FASPE Journalism Fellowships 2021: (Deadline 6 January 2021)
Applications call for FASPE Journalism Fellowships 2021. FASPE is an intensive, two-week study program in professional ethics and ethical leadership. FASPE is neither a Holocaust studies course nor a genocide prevention program. Rather, the curriculum is to challenge Fellows to critically examine constructs, current developments, and issues that raise ethical concerns in their professions in contemporary settings in which they work.
FASPE Journalism Fellowships challenges its Fellows to recognize their responsibility to act as ethical leaders in their careers in journalism and the media. Basically, it begins by examining the actions and choices of German and international journalists in covering and supporting Nazi policies. FASPE then draws on this historical example to help Journalism Fellows grasp their role and responsibility as individuals with influence in their communities and to lead them to identify and confront the ethical issues currently facing journalists and media institutions at large.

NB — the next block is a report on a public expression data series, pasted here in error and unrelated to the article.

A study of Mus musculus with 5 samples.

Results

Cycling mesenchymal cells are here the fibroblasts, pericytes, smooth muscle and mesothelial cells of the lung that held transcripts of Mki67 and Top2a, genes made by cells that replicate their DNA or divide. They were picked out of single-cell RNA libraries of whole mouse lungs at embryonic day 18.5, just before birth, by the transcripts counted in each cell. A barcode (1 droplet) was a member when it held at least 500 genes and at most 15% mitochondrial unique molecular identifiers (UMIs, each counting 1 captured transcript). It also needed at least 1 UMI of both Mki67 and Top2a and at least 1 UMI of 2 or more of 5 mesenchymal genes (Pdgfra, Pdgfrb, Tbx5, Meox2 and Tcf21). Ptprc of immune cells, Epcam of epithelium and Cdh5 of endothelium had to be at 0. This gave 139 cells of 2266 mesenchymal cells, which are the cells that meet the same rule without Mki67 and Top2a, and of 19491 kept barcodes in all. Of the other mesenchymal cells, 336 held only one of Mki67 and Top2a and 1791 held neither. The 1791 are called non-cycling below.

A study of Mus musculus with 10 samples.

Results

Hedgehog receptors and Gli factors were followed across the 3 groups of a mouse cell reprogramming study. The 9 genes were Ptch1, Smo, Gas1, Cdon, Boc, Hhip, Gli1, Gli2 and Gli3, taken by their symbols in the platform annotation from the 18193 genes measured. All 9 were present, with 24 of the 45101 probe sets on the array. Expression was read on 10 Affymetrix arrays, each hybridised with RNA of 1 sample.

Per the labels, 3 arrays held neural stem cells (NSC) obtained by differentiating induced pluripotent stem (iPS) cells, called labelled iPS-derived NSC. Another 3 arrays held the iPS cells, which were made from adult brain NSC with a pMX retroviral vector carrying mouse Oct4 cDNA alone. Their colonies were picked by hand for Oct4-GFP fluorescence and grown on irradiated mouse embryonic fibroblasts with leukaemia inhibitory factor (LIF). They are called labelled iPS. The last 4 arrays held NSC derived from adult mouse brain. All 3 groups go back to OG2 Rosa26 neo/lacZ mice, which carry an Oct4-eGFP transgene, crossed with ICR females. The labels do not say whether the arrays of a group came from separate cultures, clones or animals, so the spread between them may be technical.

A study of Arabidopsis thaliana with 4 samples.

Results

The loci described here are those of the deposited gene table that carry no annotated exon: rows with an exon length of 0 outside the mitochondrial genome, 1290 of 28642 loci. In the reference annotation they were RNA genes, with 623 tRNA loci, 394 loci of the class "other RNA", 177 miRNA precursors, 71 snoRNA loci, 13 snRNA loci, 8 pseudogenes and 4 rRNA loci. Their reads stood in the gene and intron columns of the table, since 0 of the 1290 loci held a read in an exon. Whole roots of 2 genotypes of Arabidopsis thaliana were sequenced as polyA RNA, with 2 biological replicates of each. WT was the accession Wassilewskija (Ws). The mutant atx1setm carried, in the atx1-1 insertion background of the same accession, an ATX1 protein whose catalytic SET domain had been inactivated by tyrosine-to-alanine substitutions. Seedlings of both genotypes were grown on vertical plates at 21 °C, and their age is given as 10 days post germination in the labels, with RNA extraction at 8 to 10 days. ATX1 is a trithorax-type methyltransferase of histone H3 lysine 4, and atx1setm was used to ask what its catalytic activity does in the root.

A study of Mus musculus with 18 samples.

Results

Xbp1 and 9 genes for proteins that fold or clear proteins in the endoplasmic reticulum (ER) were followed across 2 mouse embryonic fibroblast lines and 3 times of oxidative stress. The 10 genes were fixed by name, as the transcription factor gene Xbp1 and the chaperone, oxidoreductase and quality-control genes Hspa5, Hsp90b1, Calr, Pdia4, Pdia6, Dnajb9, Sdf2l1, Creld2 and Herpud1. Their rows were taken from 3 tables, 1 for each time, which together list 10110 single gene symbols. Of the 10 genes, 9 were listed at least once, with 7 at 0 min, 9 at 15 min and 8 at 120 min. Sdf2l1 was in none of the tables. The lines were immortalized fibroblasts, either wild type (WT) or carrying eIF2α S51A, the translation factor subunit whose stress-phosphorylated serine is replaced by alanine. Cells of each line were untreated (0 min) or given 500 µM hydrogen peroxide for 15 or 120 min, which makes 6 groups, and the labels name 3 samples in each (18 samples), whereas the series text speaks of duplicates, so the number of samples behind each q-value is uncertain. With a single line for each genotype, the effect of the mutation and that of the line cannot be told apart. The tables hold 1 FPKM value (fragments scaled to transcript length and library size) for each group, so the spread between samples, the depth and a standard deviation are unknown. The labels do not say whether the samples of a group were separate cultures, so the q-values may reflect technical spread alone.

FASPE Journalism Fellowships applicants must be interested in journalism as a career and fit into one of the following two categories:
- Be enrolled in a graduate program of any kind and planning to work as a journalist.
- Be working as a journalist with an undergraduate degree in any field received between May 2015 and May 2020; or a graduate degree in any field received between May 2019 and January 2021.
FASPE Journalism Fellows examine topics such as:
- The complicity of German and foreign journalists in Nazi policies through inadequate coverage or outright misrepresentation of the crimes being committed.
- The impact of technology on journalism.
- The role of journalists in electoral politics and in holding power accountable.
- The nature and propriety of advocacy journalism.
- Normalizing aberrant behavior through media coverage.
- The challenge of reporting in an era in which fake news and accusations of “fake news” are common.
- Furthermore, balancing the costs and benefits of access tactics to address ethical issues within the journalism community or media outlets.